Knowing a loved one is in pain is hard. Many of us want to solve their problems for them or tell them what they should do to no longer be in pain. It is so easy to stand back and look at how others are dealing with issues and make declarations of how they should do it differently. Humans are kind of experts at giving advice to others, they may not even be doing themselves.
When we see a loved one in pain a natural assumption is that they are healed or there is success when they are no longer in pain. So we do anything we can to coax happiness out of them. We give advice, you help do hard things, we try to make them laugh or have fun.
While all of these can be helpful in the healing process, have you ever wanted to say to someone, Don’t talk me out of my pain, or better yet you can’t talk me out of my pain. And you shouldn’t have to. Feeling the pain is an important step in the healing process.
Don’t talk me out of my pain.
Most people have a desire to help others when they are in pain. Unfortunately a lack of communication or lack of understanding can turn into the would be helper making selfish decisions and giving advice that is more of a benefit to their own comfort zone rather than really helping the one who is grieving.
Let’s talk about how we can avoid talking someone out of their pain and actually helping them.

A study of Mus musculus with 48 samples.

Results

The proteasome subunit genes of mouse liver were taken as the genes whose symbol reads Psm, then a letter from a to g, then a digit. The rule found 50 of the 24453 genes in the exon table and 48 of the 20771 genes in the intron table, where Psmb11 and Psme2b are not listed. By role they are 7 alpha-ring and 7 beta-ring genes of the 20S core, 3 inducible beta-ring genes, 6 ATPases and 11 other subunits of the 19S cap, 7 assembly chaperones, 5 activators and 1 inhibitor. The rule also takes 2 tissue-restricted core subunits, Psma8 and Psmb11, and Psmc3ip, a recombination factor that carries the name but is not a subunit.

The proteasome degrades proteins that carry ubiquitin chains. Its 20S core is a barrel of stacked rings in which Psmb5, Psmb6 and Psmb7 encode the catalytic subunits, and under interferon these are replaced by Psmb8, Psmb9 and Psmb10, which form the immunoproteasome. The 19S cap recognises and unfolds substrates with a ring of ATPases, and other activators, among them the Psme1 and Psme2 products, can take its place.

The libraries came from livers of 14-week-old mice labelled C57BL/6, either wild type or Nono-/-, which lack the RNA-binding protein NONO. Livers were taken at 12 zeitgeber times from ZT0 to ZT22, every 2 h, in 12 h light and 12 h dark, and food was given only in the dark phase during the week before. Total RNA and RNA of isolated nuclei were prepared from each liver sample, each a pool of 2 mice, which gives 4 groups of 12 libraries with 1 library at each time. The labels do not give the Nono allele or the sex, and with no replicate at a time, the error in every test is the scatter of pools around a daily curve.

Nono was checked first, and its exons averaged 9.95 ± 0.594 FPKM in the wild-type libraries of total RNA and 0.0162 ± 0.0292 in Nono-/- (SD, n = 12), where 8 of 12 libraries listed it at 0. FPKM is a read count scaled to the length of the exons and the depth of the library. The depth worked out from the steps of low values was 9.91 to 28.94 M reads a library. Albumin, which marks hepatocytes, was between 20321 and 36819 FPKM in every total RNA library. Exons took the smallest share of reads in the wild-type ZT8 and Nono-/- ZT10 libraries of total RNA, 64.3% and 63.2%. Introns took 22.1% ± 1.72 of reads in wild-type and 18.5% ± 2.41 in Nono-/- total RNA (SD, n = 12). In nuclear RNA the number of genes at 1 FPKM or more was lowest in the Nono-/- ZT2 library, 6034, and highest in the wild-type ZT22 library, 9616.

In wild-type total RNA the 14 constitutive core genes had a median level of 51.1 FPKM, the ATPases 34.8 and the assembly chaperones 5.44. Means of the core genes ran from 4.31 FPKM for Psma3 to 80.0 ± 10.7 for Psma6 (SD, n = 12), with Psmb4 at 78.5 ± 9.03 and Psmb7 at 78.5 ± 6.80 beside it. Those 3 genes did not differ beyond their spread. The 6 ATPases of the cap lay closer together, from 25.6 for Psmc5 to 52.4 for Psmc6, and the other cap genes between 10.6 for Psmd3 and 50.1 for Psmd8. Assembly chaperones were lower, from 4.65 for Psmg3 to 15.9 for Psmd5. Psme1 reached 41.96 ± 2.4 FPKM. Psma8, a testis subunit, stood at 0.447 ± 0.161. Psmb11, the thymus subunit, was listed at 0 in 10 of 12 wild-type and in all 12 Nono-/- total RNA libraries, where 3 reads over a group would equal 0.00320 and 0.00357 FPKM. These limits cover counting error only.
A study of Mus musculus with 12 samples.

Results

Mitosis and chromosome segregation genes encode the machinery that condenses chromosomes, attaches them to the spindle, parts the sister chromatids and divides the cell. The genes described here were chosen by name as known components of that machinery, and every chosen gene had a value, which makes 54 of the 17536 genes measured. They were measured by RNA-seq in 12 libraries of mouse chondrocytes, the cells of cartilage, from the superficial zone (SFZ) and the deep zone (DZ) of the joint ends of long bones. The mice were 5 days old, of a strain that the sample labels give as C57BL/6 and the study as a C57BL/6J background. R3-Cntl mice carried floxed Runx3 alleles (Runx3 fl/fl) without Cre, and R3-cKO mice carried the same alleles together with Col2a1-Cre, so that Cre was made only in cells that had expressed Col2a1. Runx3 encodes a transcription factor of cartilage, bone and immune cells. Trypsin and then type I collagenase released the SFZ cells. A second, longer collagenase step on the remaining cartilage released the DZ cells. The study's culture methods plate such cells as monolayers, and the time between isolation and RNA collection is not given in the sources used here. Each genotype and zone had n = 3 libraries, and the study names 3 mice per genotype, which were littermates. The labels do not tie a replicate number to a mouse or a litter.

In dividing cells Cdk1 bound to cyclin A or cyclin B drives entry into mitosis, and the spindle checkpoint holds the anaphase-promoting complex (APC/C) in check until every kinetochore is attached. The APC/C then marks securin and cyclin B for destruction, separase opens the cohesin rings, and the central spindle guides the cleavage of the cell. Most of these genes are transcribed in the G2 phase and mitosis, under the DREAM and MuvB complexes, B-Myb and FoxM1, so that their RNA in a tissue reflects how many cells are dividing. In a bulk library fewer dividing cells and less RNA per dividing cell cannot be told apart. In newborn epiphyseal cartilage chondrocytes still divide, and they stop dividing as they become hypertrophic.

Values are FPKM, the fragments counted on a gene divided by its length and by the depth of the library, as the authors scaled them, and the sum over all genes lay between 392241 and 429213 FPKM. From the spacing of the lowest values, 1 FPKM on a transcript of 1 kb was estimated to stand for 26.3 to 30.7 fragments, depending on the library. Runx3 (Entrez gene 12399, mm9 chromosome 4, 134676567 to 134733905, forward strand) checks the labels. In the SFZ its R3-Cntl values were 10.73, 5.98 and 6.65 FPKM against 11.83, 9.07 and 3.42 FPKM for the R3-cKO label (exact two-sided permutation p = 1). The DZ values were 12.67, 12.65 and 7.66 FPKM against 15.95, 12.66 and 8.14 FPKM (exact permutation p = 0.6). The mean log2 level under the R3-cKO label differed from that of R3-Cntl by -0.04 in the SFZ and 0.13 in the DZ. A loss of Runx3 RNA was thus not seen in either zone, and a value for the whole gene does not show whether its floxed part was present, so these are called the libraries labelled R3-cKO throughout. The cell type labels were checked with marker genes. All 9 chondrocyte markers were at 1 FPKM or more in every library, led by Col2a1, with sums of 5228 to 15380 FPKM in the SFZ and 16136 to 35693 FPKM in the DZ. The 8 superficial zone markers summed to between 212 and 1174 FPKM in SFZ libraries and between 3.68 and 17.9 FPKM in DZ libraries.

5 ways to Avoid Talking Someone out of their Pain
1. Listen without giving advice
When someone is in pain we want to help them. Often our first reaction is to rack our brain to give them answers and steps to take to “feel better”. Oftentimes what we really need is just a safe place to explore and process our feelings and grief. There does not always need to be an answer for everything.
2. Ask permission before giving advice
If you do want to give advice or you feel they are wanting advice, ask them. Don’t tiptoe around it and be unsure just ask, “are you wanting any advice or do you just need me to listen?” Easy peasy.
3. Speak in” I “ statements
When talking about your own personal experiences speak in I statements rather than suggesting they should do it like you did. For example, you can say, “when I lost my Dad I found therapy very helpful.” Instead of saying “you should go to therapy, that will help you.” The way you phrase something can be the difference in it being helpful or not.
4. Remember everyone grieves differently
You may not understand why someone chooses to grieve the way that they do. Whether it is joining a support group or wearing a necklace with their fathers ashes to work. It may not be what you would do, but it may be what they NEED to do.
5. Open communication is key
At the end of the day just like anything else in life, ask questions and keep the lines of communication open. You may not know the answers and neither do they but if you keep communicating you can figure it out together.
Letting someone feel their pain rather than always trying to find a way to stop it can be the first real step toward healing.